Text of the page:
2022
Abstract/Description:
Teachers are essential to the academic and social-emotional progress of children in the US (Jennings & Greenberg, 2009). American teachers work tirelessly to provide quality instruction in a safe learning environment that nurtures the educational and emotional needs of their students (Jennings & Greenberg, 2009). Many teachers report that the emotional toll of teaching has impacted their professional and personal lives in a negative way (Werner Juarez et al., 2020) As a result, teachers are vulnerable to the development of occupational hazards such as stress, burnout, and secondary traumatic stress (STS) which may diminish their professional quality of life (Richards, 2012). The literature indicates that the deterioration of professional quality of life is strongly correlated to more systemic problems in education, such as elevated attrition rates and the retention of highly qualified teachers (Schutz & Zembylas, 2009). The research suggests that indicators for these professional deficits may begin to present during the preparation phase of teaching (Miller & Flint-Stipp, 2019). However, most universities provide inadequate training for the protection and improvement of teacher well-being across the span of their careers (Schonert-Reichl, 2017). In addition, there has been little research invested in the development of compassion satisfaction, a protective factor in cultivating teacher resilience (Pérez-Chacón et al., 2021). The purpose of this study was to explore the relationship between social and emotional competence (SEC) and professional quality of life factors in pre-service teachers. A nonexperimental, correlational design was used to examined whether emotion regulation and relationship management skills is predictive of an educators’ perceived levels of burnout, STS, and compassion satisfaction (N = 51).
Title: THE RELATIONSHIP BETWEEN PRE-SERVICE TEACHERS’ SOCIAL EMOTIONAL COMPETENCE AND TEACHER BURNOUT, SECONDARY TRAUMATIC STRESS, AND COMPASSION SATISFACTION.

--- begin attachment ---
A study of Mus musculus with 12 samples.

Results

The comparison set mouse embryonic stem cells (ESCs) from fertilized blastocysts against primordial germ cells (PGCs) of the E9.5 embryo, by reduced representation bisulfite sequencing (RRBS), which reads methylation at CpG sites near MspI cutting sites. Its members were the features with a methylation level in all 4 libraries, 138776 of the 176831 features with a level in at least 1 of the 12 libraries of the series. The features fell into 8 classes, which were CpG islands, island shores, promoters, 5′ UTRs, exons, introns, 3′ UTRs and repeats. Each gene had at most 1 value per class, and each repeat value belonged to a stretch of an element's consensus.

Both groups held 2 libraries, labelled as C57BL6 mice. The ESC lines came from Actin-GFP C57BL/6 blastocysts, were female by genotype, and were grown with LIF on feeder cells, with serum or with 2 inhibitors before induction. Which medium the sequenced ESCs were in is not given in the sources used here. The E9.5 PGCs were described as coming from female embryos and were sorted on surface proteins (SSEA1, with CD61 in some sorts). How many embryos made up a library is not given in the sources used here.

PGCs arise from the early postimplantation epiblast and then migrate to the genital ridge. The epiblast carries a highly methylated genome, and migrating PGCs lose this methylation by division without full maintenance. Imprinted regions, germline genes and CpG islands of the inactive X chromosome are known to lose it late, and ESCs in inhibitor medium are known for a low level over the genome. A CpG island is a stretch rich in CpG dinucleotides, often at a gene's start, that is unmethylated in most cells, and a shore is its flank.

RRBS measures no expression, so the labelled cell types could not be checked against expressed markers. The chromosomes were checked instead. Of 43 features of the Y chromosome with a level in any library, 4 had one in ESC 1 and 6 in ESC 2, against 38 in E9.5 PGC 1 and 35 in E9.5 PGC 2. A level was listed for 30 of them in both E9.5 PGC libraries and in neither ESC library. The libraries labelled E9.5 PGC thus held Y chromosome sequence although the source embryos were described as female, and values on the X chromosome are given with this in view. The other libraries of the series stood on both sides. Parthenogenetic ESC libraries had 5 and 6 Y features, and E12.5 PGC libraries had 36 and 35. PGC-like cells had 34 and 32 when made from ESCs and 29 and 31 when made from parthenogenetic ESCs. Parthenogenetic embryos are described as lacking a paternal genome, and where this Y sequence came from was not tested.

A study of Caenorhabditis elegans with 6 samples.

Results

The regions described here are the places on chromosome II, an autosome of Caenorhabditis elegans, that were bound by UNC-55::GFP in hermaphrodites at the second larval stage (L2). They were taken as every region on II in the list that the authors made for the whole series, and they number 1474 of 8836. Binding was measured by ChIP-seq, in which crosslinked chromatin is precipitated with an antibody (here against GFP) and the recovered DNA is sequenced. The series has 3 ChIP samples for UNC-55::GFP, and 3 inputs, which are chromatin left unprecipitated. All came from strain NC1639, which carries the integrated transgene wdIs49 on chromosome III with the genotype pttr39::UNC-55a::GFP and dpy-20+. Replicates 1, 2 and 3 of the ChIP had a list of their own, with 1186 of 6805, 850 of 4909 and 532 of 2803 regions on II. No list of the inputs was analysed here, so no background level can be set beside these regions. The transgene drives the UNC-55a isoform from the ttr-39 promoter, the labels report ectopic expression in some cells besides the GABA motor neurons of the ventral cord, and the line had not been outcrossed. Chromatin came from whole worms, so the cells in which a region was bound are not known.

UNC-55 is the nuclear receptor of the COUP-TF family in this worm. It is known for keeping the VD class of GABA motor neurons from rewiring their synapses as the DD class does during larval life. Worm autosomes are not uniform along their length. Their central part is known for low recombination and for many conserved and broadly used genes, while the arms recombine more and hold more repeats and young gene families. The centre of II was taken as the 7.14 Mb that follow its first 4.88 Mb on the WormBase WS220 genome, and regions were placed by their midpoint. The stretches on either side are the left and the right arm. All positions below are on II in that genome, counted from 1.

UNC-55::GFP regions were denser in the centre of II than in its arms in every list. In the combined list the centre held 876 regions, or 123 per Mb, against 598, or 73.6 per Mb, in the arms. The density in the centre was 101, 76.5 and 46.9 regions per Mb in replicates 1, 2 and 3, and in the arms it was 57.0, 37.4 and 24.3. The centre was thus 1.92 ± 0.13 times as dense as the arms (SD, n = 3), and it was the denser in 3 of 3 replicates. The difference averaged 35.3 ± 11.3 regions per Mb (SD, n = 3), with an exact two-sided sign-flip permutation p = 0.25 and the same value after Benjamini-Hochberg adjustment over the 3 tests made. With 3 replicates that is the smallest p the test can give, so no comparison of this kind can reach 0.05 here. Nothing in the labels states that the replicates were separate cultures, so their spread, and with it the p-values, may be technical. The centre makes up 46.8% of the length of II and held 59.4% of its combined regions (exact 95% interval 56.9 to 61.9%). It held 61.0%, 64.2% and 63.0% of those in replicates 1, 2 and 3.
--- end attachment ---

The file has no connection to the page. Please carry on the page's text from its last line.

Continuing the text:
Villares, Elizabeth, Thesis advisor
Florida Atlantic University, Degree grantor
Department of Counselor Education
College of Education
Type of Resource: text
Genre: Electronic Thesis Or Dissertation
Date Created: 2022
Date Issued: 2022
Publisher: Florida Atlantic University
Place of Publication: Boca Raton, Fla.
Physical Form: application/pdf
Extent: 207 p.
Language(s): English
Abstract/Description: Teachers are essential to the academic and social-emotional progress of children in the US (Jennings & Greenberg, 2009). American teachers work tirelessly to provide quality instruction in a safe learning environment that nurtures the educational and emotional needs of their students (Jennings & Greenberg, 2009). Many teachers report that the emotional toll of teaching has impacted their professional and personal lives in a negative way (Werner Juarez et al., 2020) As a result, teachers are vulnerable to the development of occupational hazards such as stress, burnout, and secondary traumatic stress (STS) which may diminish their professional quality of life (Richards, 2012). The literature indicates that the deterioration of professional quality of life is strongly correlated to more systemic problems in education, such as elevated attrition rates and the retention of highly qualified teachers (Schutz & Zembylas, 2009). The research suggests that indicators for these professional deficits may begin to present during the preparation phase of teaching (Miller & Flint-Stipp, 2019). However, most universities provide inadequate training for the protection and improvement of teacher well-being across the span of their careers (Schonert-Reichl, 2017). In addition, there has been little research invested in the development of compassion satisfaction, a protective factor in cultivating teacher resilience (Pérez-Chacón et al., 2021). The purpose of this study was to explore the relationship between social and emotional competence (SEC) and professional quality of life factors in pre-service teachers. A nonexperimental, correlational design was used to examined whether emotion regulation and relationship management skills is predictive of an educators’ perceived levels of burnout, STS, and compassion satisfaction (N = 51).
Identifier: FA00013881 (IID)
Degree granted: Dissertation (Ph.D.)--Florida Atlantic University, 2022.
Collection: FAU Electronic Theses and Dissertations Collection
Note(s): Includes bibliography.
Subject(s): Teachers--Job stress
Secondary traumatic stress
Burnout, Professional
Compassion satisfaction
Persistent Link to This Record: http://purl.flvc.org/fau/fd/FA00013881
Use and Reproduction: Copyright © is held by the author with permission granted to Florida Atlantic University to digitize, archive and distribute this item for non-profit research and educational purposes. Any reuse of this item in excess of fair use or other copyright exemptions requires permission of the copyright holder.
Use and Reproduction: http://rightsstatements.org/vocab/InC/1.0/
Host Institution: FAU
Is Part of Series: Florida Atlantic University Digital Library Collections.